Walter Valentino Liberace was once the highest-paid entertainer in Las Vegas. He died in 1987. Will his museum live forever?

Image of the Liberace Museum in Las Vegas at night.
Photo caption
The Liberace Museum in Las Vegas shines as brightly as the man it honors.

Shortly after this article appeared in print, the museum announced that it would shut down permanently on October 17 “due to the economic downturn and the decline in the number of visitors.” Officials hope to showcase the museum’s collection in a national touring exhibit and to continue exploring ideas for a new, more viable location.editor

So you bring your acerbic wit and your preconceived notions to the Liberace Museum, a few miles east of the Las Vegas Strip over which the self-proclaimed Mr. Showmanship held sway for four decades. Admit it: You expect to see a gaggle of white-haired ladies who believe that Vegas hasn’t been the same since the rhinestone-studded pianist went to the great candelabra-lit stage in the sky 23 years ago; that compared to Liberace, Vladimir Horowitz was a 10-thumbed hack; and that America’s favorite tickler of the ivories never married because, truly, he couldn’t find a woman as wonderful as his beloved mother, Frances.

But the first museum visitor you meet is 44-year-old Tom Holstein, a firefighter from Fort Lauderdale, Fla., wearing a New York Yankees cap and an ESPN pullover. He is staring at Liberace’s priceless collection of pianos, displayed close to Liberace’s priceless collection of automobiles, near a photo of Liberace luxuriating in his presumably priceless bathtub.

“Oh, man, Liberace,” says Holstein, who is touring the 18,000-square-foot museum with his sister, Susan Cima. “He was the guy who wore all the crazy stuff. We wouldn’t have missed it.”

When you come to Vegas, you shouldn’t miss it either. Indeed, Liberace, like Houdini or Beyoncé, endures as one of those one-name icons (astonishingly, the native of West Allis, Wis., did not invent his vivid surname), and the museum—created by Liberace himself—lives on as a kind of time capsule of a different era. Yes, Liberace died of complications from AIDS, and yes, he was named in a palimony suit by Scott Thorson, his bodyguard and chauffeur. (The court dismissed most of Thorson’s claims.) But such things remained well-submerged in the 1950s and ’60s, when Liberace began amassing fame and considerable fortune.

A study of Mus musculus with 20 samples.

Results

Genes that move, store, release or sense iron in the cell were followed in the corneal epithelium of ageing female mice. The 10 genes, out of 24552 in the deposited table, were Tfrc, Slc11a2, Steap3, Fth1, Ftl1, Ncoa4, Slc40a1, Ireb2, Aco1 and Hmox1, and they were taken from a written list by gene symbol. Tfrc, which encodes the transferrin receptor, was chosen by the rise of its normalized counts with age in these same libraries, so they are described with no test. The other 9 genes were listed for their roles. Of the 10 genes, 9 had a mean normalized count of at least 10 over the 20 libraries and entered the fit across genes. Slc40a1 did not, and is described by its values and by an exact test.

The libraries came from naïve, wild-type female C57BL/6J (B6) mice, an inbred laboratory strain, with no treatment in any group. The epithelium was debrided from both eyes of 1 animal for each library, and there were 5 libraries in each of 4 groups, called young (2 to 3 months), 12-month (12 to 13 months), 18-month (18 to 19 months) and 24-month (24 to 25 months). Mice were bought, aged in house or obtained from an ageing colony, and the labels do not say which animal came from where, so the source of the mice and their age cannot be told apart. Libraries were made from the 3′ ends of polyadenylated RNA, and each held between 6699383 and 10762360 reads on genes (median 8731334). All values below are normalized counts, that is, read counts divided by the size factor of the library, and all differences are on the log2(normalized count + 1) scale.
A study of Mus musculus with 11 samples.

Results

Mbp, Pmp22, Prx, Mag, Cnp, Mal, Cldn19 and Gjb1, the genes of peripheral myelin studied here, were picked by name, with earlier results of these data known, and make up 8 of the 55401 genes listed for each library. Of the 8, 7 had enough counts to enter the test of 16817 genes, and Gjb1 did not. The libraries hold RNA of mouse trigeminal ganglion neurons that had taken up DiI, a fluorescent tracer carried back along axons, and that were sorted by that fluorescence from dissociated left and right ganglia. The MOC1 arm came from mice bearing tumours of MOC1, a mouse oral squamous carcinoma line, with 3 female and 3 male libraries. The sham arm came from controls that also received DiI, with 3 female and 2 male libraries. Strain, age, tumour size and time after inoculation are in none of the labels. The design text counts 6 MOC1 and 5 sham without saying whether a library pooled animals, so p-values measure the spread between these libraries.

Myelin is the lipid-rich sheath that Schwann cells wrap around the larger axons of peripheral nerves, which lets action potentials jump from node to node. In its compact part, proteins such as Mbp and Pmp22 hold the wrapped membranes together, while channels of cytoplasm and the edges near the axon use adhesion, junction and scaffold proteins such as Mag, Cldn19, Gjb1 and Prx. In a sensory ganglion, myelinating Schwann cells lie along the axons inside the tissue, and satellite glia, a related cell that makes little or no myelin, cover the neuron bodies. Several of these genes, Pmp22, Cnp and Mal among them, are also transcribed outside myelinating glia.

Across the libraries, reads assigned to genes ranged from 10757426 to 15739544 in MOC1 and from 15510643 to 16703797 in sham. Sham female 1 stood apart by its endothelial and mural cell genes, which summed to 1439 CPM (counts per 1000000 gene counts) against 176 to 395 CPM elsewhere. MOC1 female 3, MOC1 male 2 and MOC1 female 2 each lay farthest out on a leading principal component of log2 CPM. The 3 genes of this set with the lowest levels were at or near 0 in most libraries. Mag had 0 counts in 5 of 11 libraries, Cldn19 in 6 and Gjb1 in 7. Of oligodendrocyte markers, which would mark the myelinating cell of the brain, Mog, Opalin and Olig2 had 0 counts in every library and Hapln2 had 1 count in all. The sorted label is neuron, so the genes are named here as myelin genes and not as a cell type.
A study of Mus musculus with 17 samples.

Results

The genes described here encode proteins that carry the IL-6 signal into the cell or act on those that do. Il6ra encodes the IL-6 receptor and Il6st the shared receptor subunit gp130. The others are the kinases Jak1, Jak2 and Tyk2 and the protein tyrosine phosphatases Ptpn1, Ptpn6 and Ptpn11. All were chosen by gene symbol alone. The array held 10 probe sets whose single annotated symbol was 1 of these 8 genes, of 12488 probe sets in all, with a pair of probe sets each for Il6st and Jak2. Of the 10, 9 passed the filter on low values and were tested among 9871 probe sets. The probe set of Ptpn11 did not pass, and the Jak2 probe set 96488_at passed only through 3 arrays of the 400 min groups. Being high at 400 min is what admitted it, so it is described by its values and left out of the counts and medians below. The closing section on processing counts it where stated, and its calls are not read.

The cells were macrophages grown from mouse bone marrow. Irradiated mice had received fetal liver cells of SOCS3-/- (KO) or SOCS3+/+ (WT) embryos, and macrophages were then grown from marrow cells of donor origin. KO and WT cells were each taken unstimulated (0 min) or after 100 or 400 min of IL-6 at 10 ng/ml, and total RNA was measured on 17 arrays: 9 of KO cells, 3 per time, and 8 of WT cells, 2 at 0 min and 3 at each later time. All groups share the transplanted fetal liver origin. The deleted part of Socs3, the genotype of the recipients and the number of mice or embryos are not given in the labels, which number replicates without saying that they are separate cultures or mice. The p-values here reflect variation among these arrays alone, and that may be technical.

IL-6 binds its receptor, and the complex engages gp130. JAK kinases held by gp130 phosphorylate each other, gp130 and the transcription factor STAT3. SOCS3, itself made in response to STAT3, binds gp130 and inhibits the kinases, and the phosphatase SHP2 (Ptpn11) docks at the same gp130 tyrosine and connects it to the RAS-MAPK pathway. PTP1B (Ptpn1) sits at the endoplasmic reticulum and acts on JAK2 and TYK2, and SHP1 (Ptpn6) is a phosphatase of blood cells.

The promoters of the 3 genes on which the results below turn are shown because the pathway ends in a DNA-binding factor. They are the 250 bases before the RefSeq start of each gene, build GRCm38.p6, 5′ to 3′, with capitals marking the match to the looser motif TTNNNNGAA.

“What I try to convey to visitors is how original this man truly was,” says museum guide Howard Shapiro, who offers factoids with a flourish best described as, well, Liberacean. “The dancing waters of Vegas?” Shapiro pronounces to a busload of sightseers. “Sorry, Bellagio. Liberace had it in his act in the 1970s. Costumes, Cher and Madonna? Hello! Liberace did it loooong before you. Bling? Any rapper would’ve positively died for what Liberace wore onstage.”

Many animals did exactly that in the service of Liberace’s theatrical accoutrement. And though you might feel vaguely guilty about checking out the wardrobe display (located in a building across from the cars and the pianos), it is the museum’s most popular attraction. The man wore a hot-pink turkey-feather costume onstage at Radio City and chose a monkey-fur number for a performance at the Las Vegas Hilton in 1982. More palatable—if that’s the right word—may be his red-white-and-blue hot pants ensemble or his “lasagna costume,” a red velour getup that, he used to say, “doesn’t show the stains” when he prepared his favorite meal.

The second building also includes a cabaret room where, on Tuesdays, Wednesdays, and Saturdays, Vegas-based pianist Philip Fortenberry performs an hour-long afternoon tribute show called Liberace and Me. It’s $17.50, and it would be silly to miss it. Fortenberry plays like Liberace, with the trills, the dexterous left hand, and the audience engagement, finishing up with a sing-along to Liberace’s signature sign-off, “I’ll Be Seeing You,” by which time there might be a dry eye in the house.

After the show, someone asks Fortenberry whether Liberace was truly a great pianist or merely a genius in showmanship. “Liberace could absolutely play his face off,” Fortenberry says. “He was very grounded in the classics, and his technique was outstanding. But he wanted to be famous rather than critically acclaimed, so he chose to do it this way, with the frills and the keyboard flourishes and, of course, the costumes.”

Yes, we may wish that Liberace’s fur had been faux, but that wasn’t the man’s way. And in a city where starry-eyed pilgrims gaze at a replica Statue of Liberty, stroll through a replica Piazza San Marco, and enjoy the late-night company of replica Streisands and Minnellis, Liberace endures as that rare thing—an American original.

Photography courtesy Liberace Foundation & Museum





This article was first published in September 2010. Some facts may have aged gracelessly. Please call ahead to verify information.